Book club blues…

Past book club victims

Ever have trouble deciding what you’re going to read next? Yup, me too. But imagine if every time you had to choose a book, seven of your best friends had to agree that they wanted to read it that week, too. If you are or have ever been in a book group you will understand my plight. If not, then I will try to elaborate.

I am in two book groups. One, the ‘grown-up’ group, exists mostly to allow five erstwhile devoted mothers/wives/girlfriends to eat way too many Pringles and moan about what their husband/partner/child has done that week. We talk about a ‘grown-up’ book for about three minutes (once we made it to four but that was mainly because we were waiting for Pappadums, and Deborah, to arrive before we could start serious gossiping).

The other, definitely-not-grown-up, group, exists to allow seven writers, editors, critics and general book obsessives to spend three hours dissecting, defending or destroying the latest children’s or teen novel. Pringle-eating occurs, but purely in between arguing over whether angels are the new vampires and if so, why. All jolly good fun, until it comes to choosing next month’s book. Which is when everyone turns into children, and starts sulking, huffing, and refusing to do their homework, because, like, it’s just NOT FAIR.

And here is why (am using pseudonyms because you know and love these writers, and, I do not want that to change based on their weird fondness for trolls):

K: Books must have feisty heroine. And preferably paranormal romance. And possible death.

Other K: Under no circumstances must anyone die. ESPECIALLY if it is a dog. And DOUBLE ESPECIALLY if it is a Labrador.

L: Must have Vikings. Or trolls. Or, better, a Viking troll.

J: No Vikings or trolls. Also no fairies, elves, vampires, angels, ghosts or anything else MADE UP. Also no books by men writing in voice of girl. Is just weird.

I could go on. But I think you get my drift. So I’m ending with a plea: can someone, ANYONE, come up with a book that is going to satisfy all of us? Or at least not cause one of us to threaten to chew our own arm off if we have to read it. It would save me an awful lot of bother. And Pringles.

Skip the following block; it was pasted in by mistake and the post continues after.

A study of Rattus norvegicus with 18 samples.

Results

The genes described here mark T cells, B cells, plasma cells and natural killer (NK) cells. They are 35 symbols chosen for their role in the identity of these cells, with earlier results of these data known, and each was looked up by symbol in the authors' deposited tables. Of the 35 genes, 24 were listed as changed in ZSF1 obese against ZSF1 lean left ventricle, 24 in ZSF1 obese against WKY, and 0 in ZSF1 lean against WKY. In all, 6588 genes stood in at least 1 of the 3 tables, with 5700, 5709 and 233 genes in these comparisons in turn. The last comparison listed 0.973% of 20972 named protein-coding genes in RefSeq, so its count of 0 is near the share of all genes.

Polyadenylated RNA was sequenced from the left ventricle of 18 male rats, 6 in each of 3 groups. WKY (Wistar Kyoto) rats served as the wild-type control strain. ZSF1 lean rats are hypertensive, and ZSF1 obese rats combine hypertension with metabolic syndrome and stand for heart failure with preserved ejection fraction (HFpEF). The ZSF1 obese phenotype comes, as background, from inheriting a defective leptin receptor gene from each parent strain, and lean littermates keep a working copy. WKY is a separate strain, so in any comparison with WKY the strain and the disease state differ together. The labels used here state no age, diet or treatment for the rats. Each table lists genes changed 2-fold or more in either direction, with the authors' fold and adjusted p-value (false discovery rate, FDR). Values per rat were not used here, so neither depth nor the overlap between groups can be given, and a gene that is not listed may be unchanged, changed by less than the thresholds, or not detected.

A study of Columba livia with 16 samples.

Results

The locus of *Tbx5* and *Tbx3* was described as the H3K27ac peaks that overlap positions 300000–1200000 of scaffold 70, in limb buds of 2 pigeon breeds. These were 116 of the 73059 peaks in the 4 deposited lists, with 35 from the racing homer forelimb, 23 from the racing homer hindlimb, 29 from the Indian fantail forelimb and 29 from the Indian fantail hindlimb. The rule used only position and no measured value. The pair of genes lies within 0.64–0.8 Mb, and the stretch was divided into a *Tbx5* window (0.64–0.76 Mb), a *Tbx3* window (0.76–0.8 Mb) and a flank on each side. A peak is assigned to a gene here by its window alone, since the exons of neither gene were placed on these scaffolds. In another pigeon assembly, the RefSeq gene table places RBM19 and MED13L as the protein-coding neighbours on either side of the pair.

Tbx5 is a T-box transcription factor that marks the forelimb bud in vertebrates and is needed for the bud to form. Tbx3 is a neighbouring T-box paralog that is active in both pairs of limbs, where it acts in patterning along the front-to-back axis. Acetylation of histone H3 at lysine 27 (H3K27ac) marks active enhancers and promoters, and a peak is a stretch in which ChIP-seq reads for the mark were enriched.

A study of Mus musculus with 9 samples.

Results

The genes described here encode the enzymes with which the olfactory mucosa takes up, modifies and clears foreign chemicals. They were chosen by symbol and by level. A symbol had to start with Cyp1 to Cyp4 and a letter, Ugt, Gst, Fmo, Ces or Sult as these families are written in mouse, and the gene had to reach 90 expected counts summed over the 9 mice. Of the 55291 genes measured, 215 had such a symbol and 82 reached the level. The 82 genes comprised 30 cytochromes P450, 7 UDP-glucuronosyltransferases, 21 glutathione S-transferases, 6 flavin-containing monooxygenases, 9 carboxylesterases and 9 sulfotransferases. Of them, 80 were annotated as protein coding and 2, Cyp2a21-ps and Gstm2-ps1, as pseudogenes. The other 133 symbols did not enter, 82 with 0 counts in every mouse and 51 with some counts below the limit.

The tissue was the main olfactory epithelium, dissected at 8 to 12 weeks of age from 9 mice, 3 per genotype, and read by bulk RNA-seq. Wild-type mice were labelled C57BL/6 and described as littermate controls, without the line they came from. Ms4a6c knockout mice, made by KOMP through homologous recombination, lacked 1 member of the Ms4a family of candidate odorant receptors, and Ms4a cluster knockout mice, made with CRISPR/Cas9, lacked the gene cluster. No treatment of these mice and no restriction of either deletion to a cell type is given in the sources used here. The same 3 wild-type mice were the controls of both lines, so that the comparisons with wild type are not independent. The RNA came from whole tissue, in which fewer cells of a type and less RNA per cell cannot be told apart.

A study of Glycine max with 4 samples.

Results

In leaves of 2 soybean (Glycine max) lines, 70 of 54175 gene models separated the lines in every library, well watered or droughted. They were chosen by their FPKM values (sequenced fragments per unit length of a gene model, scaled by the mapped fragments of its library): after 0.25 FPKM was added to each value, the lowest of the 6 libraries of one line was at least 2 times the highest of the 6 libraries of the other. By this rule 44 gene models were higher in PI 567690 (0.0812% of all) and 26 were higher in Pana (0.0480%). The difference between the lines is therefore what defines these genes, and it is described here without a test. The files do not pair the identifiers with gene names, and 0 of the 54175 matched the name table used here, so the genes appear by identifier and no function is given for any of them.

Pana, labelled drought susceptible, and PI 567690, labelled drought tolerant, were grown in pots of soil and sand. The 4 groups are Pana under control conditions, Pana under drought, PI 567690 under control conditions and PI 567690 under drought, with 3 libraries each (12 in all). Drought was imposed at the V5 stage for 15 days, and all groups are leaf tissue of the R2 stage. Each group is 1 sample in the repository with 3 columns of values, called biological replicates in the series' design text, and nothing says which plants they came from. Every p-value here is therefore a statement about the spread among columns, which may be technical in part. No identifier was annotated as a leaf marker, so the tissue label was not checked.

About Joanna Nadin

A former broadcast journalist and special adviser to the prime minister, since leaving politics I’ve written more than 80 books for children and adults, as well as speeches for politicians, and articles for newspapers and magazines like The Guardian, Red and The Amorist. I also lecture in Creative Writing at Bath Spa University, and hold a doctorate in young adult literature. I’m a winner of the Fantastic Book Award and the Surrey Book Award, and have been shortlisted for the Roald Dahl Funny Prize, the Booktrust Best Book award and Queen of Teen among others, and twice nominated for the Carnegie Medal, for Everybody Hurts, and for Joe All Alone, which is now a BAFTA-winning and Emmy-nominated BBC TV series. I've also worked with Sir Chris Hoy on the Flying Fergus series and ghost-written Angry Birds under another name. I like London, New York, Essex, tea, cake, Marmite, mint imperials, prom dresses, pubs, that bit in the West Wing where Donna tells Josh she wouldn’t stop for a red light if he was in an accident, junk shops, crisps, Cornwall, St Custard’s, Portuguese custard tarts, political geeks, pin-up swimsuits, the Regency, high heels, horses, old songs, my Grandma’s fur coat, vinyl, liner notes, the smell of old books, the feel of a velveteen monkey, Guinness, quiffs, putting my hand in a bin of chicken feed, the 1950s, burlesque, automata, fiddles, flaneuring, gigs in fields on warm summer nights, Bath, the bath.